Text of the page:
Shoppers getting comfy with data mining
Consumers are opting for convenience over privacy.
A recent joint study conducted by Acxiom, a data foundation for world marketers, and the Data & Marketing Association, a trade organization for marketers, reveals that almost half of American consumers feel more comfortable with data exchange than they did previously. The study was conducted via an online survey of 2,076 respondents aged 18 and older.
“An overwhelming shift in attitudes is underway as more and more consumers gain awareness and an understanding of the role data exchange plays in contemporary society,” said Sheila Colclasure, Acxiom’s global chief data ethics officer and public policy executive. “This survey shows that people are increasingly aware of the role data plays in our lives and are becoming more conscious of the decisions they make in exchanging data for value.”
The joint study, “Data Privacy: What the Consumer Really Thinks,” discovered nearly half of consumers (44 percent) in the U.S. feel more comfortable with data exchange than they did previously, rising to 54 percent among millennials. Although almost two-thirds of consumers (62 percent) revealed that they believe sharing data is part of the modern economy, the study also shows that trust and transparency are most important to consumers during data exchange.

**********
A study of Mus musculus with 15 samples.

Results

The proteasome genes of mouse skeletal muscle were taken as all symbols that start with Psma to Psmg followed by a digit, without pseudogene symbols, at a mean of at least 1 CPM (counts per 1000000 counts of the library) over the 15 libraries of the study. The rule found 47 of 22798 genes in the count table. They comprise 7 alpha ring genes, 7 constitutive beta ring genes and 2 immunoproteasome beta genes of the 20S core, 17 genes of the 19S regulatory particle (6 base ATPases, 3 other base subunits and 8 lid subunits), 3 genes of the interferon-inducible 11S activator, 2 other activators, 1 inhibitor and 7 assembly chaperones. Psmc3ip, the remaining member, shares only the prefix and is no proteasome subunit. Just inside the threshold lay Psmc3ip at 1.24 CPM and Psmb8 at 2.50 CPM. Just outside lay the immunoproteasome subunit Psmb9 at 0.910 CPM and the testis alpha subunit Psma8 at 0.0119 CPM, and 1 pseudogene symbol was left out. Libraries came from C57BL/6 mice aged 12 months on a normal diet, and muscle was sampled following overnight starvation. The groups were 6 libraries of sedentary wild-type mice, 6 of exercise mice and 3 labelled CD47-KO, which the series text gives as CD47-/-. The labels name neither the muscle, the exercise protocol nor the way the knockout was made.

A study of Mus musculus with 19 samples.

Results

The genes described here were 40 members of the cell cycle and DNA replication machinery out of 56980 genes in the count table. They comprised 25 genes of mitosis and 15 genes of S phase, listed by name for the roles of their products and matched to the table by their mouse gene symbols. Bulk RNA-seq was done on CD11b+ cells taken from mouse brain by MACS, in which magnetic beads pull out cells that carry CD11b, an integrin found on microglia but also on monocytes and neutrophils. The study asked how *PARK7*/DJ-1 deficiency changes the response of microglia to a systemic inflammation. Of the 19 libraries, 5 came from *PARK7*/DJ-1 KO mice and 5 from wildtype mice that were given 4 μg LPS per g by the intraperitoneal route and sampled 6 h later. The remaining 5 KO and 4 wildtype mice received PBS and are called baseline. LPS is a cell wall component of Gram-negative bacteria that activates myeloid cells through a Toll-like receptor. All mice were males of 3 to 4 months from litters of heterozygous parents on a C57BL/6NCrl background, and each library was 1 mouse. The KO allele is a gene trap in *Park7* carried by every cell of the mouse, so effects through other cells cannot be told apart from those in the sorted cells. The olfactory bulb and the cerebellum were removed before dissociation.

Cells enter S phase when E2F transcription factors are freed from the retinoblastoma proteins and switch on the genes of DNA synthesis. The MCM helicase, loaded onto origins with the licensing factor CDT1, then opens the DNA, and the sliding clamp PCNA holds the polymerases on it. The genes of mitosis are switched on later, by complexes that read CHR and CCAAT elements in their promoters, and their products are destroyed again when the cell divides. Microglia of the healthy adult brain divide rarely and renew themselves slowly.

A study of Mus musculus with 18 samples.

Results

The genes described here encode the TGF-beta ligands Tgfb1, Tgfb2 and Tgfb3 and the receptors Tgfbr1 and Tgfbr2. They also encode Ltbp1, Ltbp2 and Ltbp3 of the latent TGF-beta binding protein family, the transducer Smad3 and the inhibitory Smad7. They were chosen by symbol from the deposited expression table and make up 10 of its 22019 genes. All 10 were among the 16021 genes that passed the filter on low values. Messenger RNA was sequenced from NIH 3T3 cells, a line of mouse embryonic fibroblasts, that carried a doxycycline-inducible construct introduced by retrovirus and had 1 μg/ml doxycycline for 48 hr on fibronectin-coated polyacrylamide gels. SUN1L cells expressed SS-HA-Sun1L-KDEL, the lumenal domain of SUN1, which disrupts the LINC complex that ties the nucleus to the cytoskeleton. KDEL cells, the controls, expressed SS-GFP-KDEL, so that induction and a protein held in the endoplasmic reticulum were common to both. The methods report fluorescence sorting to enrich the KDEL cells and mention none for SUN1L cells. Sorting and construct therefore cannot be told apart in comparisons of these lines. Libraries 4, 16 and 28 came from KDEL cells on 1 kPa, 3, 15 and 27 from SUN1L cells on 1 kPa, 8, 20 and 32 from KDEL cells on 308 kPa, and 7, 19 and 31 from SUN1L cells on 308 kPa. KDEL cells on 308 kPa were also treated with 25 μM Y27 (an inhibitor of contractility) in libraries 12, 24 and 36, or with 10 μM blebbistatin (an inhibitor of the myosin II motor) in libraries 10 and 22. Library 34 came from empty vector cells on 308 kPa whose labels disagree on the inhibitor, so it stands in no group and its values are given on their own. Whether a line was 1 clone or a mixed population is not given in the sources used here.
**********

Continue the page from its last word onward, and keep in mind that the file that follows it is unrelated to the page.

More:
“This report also clearly demonstrates the need for providing consumers with increased transparency and control, a key element of an ethical approach to data use,” Colclasure added. “We’re proud to partner with the DMA today, as we have for nearly 50 years, and to continue to work with the world’s largest brands to provide consumers with data-driven experiences grounded in ethical data practices.”
With a growing comfort for sharing personal information with companies, almost two-thirds of U.S. consumers say they feel more aware of how their data is used and collected than in the past. Forty-three percent of those surveyed believe that the consumers are responsible for data security, and only six percent believe that the companies or government institutions they share their data with are responsible. Thirty-seven percent believe that a combination of consumers, brands and government should be responsible for data security.
“Responsible marketers are interested in acting ethically and nurturing customer trust. This is all the more reason for the industry to come together and ensure we’re operating in an environment that drives value to customers,” added DMA Chief Executive Officer Tom Benton. “With a steady eye toward security and responsibility and customer relationships that are based on trust, our data-driven future will be bright.”